Thursday, August 02, 2007

It's Official - Calatrava's Chicago Spire Hole in the Ground

So far, he's been true to his word. Garrett Kelleher, the Gatsby-like developer behind the $2 billion Chicago Spire, a project he's launching without a single pre-sale, had said he expected to get architect Santiago Calatrava's twisting, 150-story tower into the ground quickly, and if its not quite the spring launch he predicted before the Chicago Plan Commission last April, it's close. See a photo essay on the early stirrings on the site here.

4 comments:

Anonymous said...

I wonder how D+P likes looking out at that site from their office now that they're not AOR on the project...

Lil'G said...

It's too bad that it might be beginning. Chicago doesn't need something that tall there especially since it doesn't look very good. I think Calatrava should maybe just stick to bridges (and even that is questionable). If you don't believe me look at this monstrosity:

http://archrecord.construction.com/projects/portfolio/archives/0707palace.asp

rbd said...

I wonder if the fact that Dr. Calatrava's advanced education is in engineering doesn't heavily influence his design decisions. Is he trying to push the engineering envelope as much as the design one, or at least more than a pure designer would.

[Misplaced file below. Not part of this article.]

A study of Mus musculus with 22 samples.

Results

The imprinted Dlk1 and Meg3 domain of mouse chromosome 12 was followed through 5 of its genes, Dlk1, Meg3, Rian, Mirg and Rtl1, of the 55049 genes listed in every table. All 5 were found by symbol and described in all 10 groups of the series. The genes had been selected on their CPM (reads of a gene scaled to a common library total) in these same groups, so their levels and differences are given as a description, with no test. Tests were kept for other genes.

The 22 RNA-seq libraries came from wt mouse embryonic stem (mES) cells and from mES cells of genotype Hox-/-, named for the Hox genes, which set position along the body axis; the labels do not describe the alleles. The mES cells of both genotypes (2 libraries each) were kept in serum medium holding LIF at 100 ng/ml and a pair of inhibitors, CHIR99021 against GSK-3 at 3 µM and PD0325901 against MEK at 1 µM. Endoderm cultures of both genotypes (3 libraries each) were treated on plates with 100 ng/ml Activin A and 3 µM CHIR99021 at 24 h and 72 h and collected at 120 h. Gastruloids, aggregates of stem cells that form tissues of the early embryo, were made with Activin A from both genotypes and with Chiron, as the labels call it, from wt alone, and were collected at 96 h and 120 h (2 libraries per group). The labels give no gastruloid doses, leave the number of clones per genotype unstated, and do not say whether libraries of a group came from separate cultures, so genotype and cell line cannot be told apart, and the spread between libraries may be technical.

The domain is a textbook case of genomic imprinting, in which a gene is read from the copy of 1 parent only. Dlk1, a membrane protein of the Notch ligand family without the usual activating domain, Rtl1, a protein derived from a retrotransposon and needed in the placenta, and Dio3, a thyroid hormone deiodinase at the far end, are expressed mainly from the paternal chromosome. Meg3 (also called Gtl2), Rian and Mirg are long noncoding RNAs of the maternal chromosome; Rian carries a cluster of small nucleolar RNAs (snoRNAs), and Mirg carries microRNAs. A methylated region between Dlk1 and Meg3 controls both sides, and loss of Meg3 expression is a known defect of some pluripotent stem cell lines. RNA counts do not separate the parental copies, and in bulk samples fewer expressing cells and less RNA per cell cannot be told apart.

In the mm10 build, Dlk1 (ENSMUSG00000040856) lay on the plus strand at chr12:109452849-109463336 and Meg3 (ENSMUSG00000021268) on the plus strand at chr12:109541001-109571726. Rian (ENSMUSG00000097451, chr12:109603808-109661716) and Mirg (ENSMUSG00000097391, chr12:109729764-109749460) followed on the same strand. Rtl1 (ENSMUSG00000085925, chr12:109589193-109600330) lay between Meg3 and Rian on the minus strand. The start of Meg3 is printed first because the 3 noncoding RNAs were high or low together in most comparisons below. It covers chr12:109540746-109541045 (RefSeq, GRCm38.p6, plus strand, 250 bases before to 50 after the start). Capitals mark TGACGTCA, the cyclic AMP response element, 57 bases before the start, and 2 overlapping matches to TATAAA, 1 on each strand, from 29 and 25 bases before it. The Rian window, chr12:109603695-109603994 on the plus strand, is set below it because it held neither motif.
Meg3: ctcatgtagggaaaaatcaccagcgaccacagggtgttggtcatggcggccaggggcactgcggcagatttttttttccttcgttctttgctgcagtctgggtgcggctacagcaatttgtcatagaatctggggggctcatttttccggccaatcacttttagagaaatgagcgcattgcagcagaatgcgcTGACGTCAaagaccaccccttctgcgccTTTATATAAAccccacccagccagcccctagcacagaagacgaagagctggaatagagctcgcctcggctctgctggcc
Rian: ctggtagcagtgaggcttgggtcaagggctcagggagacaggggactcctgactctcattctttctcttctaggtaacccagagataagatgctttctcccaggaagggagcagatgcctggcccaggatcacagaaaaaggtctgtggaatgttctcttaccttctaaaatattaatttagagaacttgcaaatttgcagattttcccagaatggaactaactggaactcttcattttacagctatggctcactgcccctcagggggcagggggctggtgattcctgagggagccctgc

Broz said...

Whether an aye or a nay is voiced about the design and placement of Calatrava’s Spire in Chicago, this challenging structure will keep the men and women who build it awake more than a few nights and when they do sleep their dreams will be spent problem solving the challenges they face the next work day. That was the experience of those who built the Calatrava addition to the Milwaukee Art Museum. From 1998 to 2003 I used photography to frankly and directly capture the essence of the MAM’s builders in their work and the hard beauties of their workplace. See http://www.jimbrozek.com/ Shouldn’t a similar effort be made to record these qualities through out the Spire’s construction.

Robert Elwall, (Photographs Curator British Architectural Library, Royal Institute of British Architects, London), concludes about photography and architecture, “From its very inception photography has enjoyed a close and symbiotic relationship with both architectural study and practice. Our first, sometimes only, impression of a building is often formed by a photograph and the skilled photographer can help us to see even the most familiar structures in a new light. Photographs have therefore been justifiably described as the currency of architectural exchange. Despite its undeniable influence however, the role of photography in the mediation of architecture has been relatively little explored particularly when compared to architectural drawing.”